Herniated Disc Symptoms

By Peter Johnson

A herniated disc may occur on any part of your spine.  However, most cases of a herniated disc occur in the lower area called the lumbar spine.  Some cases also are referred to as cervical herniated disc where the damaged disc is found on the neck area, while it is rare for cases to occur in the thoracic spine.


As a person ages, his or her discs become dry and brittle and not as flexible anymore.  For these reasons, the disc has a great tendency to wear out and tear; thus, resulting in a herniated disc.  A herniated disc symptom can serve as a warning sign to let one know that it is time to adjust the physical activities (or lack thereof) one is participating in.  Any spinal injury will bring some tear or crack in the disc’s outer layer, which is called the annulus fibrosus.  As this happens, the gel-like substance inside the disc will protrude or bulge out into the outer layer.  As the disc bulge out, it will compress on some sensitive nerves causing some pain that is commonly felt in the low back area or as far down as the legs. In this instance a herniated disc can be confirmed.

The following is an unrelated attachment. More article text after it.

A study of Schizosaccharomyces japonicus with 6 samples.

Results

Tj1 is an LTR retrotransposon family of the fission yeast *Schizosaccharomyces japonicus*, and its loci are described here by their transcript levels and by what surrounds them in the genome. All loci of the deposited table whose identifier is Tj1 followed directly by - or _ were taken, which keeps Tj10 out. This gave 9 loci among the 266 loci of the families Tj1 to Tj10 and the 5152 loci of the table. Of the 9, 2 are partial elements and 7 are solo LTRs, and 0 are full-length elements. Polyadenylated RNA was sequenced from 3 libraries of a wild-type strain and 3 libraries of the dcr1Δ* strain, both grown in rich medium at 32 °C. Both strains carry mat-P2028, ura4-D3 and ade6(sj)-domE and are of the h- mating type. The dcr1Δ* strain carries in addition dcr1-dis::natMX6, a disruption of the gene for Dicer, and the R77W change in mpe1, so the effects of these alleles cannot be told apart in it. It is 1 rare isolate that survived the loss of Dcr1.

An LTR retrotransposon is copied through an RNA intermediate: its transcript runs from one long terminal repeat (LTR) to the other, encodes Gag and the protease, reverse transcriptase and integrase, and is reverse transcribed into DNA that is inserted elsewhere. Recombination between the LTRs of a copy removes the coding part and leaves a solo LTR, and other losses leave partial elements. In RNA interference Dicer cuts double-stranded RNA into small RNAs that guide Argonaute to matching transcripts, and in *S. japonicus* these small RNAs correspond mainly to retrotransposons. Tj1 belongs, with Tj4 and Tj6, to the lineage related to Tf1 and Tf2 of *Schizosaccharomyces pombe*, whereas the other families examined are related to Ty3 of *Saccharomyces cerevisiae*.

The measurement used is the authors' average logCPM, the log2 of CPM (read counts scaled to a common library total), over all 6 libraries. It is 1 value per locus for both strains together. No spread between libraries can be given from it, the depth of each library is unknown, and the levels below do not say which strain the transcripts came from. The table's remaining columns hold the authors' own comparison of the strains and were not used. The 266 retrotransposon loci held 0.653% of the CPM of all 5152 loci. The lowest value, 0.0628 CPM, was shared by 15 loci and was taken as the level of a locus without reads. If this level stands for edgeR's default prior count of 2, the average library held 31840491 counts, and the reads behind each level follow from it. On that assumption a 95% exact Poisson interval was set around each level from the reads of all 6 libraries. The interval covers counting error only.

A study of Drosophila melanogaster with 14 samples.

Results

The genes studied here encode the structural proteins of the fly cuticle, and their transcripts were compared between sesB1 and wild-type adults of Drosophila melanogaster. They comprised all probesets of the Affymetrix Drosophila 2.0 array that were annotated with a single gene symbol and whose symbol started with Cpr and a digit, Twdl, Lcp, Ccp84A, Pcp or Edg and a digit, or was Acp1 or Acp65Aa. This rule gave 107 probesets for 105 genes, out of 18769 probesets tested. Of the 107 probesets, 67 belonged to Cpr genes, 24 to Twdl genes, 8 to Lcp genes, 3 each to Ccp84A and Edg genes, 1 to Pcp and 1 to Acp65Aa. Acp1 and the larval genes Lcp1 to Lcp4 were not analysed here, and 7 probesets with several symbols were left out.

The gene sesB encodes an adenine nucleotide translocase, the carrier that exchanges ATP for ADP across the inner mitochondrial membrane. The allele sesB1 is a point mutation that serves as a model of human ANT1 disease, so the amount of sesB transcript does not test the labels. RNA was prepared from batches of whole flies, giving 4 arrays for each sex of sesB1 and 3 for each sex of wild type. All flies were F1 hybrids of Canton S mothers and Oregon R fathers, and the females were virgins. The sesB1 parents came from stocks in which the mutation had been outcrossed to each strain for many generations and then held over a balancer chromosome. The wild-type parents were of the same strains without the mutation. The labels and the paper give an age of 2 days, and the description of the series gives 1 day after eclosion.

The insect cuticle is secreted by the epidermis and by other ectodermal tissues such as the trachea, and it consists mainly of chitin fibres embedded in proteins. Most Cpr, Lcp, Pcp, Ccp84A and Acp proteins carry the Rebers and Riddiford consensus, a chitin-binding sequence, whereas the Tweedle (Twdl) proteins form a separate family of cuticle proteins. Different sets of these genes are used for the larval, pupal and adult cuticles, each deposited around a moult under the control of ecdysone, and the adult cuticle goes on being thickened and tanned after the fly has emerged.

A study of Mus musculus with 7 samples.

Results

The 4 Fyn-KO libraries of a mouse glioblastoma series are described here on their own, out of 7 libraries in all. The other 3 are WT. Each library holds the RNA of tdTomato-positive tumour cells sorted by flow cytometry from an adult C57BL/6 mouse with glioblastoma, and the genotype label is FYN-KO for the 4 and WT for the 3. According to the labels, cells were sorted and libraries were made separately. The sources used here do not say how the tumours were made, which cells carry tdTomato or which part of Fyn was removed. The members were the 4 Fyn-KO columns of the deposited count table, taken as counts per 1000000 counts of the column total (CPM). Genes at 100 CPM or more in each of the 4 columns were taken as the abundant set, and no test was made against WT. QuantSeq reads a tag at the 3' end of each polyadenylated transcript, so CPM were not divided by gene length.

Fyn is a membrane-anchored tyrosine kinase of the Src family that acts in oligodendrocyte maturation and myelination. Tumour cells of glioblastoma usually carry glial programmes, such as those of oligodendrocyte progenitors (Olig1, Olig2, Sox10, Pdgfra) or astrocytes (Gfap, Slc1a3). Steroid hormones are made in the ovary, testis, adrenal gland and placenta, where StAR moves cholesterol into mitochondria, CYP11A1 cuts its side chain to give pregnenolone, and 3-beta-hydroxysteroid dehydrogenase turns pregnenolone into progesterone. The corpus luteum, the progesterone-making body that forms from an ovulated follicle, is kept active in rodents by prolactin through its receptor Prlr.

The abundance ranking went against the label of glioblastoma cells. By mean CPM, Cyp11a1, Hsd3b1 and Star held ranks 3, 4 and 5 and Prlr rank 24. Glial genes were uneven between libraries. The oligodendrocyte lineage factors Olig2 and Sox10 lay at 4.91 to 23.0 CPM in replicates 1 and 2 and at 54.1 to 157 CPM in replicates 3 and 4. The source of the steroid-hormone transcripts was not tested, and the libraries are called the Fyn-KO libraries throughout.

Numbness and muscle weakness on the lower part of the body is another herniated disc symptom.  A herniated disc developed within the lower back, oftentimes yield some numbness from the buttocks down the leg.  This is referred to as sciatica and is considered to be the most common herniated disc symptom.  Other signs of a herniated disc are leg pains that usually occur on one particular leg, loss of bladder and bowel control and pain on the thigh area particularly the front part.


In the case where herniated discs are not pressing on any nerve, then you are not likely to feel any symptoms of it.  The signs are basically because of the nerves being compressed or disturbed by the bulging discs. 


Aside from a herniated disc symptom, doctors come up with diagnosis by throwing up questions related to disc damages and by some physical examinations.  If the signs are clearly pointing at a herniated disc condition, other advanced tests like the MRI (magnetic resonance imaging) and CT (computer tomography) scan may not be necessary anymore. A herniated disc occurs frequently in people who do little exercise and sit in fron of the computer for extended periods of time without any change.


Symptoms usually get better after some weeks or months with enough rest and proper exercise.  It is important to give yourself some time to relax, in order not to strain further the affected nerve behind your back. As you rest, your spine will gradually realign releasing the pinched nerve  For some, keeping active helps, like walking and other light activities.  Maintaining a proper posture is likewise befitting and favorable.


After the period of rest has been adhered to your doctor or physician should recommend a series of back exercises which will strengthen the lumbar spine hence reducing the future occurrence of a herniated disc. This will help to further eliminate any future symptoms of a herniated disc.